We were pleased in recent weeks to note the return of our red yarrow, which we first planted last year. Yarrow is a spring plant, putting on new growth and flowering from April through June in Florida. After that, it tends to die back, but if left alone should return the following spring to draw butterflies to its nectar-laden blooms.
Yarrow is a plant with a long history, as its very descriptive botanical name implies - Achillea millefolium. Yarrow has long been noted for its ability to staunch the flow of blood, and Homer tells us that Achilles carried it onto the battle grounds at Troy to treat wounded soldiers. The Chinese consider it to be lucky; the Saxons wore it in amulets for protection, and medieval witches were said to use it in incantations.
My personal favorite legend about yarrow is the belief that you could determine your lover's devotion by poking a yarrow leaf up your nose and saying, "Yarroway, yarroway, bear a white blow: if my love loves me, my nose will bleed now". Since yarrow is known to irritate the nasal passages, it would often cause the person's nose to bleed. (Personally, I'll stick with daisies and "she loves me, she loves me not...")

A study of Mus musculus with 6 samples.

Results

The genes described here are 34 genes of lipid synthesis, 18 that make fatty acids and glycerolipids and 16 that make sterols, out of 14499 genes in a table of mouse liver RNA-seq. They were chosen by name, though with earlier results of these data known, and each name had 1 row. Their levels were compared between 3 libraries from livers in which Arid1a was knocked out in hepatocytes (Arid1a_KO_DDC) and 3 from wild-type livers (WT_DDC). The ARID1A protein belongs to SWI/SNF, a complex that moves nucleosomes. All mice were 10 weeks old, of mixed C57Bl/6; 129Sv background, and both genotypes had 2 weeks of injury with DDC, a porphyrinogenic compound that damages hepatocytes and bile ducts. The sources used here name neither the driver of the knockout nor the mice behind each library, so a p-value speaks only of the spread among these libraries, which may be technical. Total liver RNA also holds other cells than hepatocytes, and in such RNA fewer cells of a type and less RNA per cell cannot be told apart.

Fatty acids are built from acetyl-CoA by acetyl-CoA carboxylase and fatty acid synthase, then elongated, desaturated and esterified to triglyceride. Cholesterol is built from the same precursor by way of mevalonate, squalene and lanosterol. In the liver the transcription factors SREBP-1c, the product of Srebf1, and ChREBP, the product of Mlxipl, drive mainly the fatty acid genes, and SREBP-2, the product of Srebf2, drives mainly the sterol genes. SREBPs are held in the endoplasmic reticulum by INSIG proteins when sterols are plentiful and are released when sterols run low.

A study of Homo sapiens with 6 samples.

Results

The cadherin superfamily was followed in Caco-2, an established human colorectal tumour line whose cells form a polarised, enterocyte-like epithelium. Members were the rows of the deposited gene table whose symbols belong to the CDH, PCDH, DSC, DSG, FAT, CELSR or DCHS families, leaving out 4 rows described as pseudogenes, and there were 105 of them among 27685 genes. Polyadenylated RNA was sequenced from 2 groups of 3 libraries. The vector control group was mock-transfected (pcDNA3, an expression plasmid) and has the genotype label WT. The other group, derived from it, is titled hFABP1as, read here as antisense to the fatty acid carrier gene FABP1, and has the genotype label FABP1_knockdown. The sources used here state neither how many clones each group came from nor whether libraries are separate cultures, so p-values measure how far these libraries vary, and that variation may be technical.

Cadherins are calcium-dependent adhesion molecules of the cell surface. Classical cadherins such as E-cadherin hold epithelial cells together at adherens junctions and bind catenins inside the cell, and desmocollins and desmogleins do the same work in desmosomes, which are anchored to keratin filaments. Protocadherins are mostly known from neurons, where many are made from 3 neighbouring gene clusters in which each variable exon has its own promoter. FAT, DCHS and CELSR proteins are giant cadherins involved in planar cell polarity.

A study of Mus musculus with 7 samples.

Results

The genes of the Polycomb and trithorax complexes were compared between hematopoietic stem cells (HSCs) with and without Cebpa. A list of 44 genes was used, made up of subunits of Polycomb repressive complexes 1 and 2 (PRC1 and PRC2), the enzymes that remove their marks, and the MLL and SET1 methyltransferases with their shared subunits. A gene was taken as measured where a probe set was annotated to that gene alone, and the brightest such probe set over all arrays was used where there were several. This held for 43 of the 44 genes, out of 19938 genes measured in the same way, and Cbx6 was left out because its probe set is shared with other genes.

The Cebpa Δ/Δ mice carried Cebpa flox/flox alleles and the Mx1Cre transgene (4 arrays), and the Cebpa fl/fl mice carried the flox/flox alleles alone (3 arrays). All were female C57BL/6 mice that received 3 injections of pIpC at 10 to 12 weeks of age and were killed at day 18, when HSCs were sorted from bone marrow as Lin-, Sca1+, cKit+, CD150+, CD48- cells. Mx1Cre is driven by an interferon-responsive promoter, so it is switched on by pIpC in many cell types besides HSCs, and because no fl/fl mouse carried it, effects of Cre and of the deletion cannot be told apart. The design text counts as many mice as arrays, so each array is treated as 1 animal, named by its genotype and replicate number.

Yarrow's medicinal properties have been well-documented, but that's not why we grow it in My Florida Backyard. We love it for its ability to draw butterflies, and to thrive in very poor soil. In fact, yarrow needs well-drained but otherwise poor soil to thrive - otherwise it's susceptible to mildew and root rot. While the white-flowered version is well-known, there are many colors available, including reds, pinks, and yellows. they love full sun and tolerate drought very well. It can be divided very few years as it spreads.
There's something really fascinating about growing a plant with a history dating back thousands of years. Once carried onto noisy battlefields, yarrow now blooms peacefully in my garden while butterflies drop by to drink the sweet nectar. Times have changed, but Achillea millefolium blooms on in My Florida Backyard.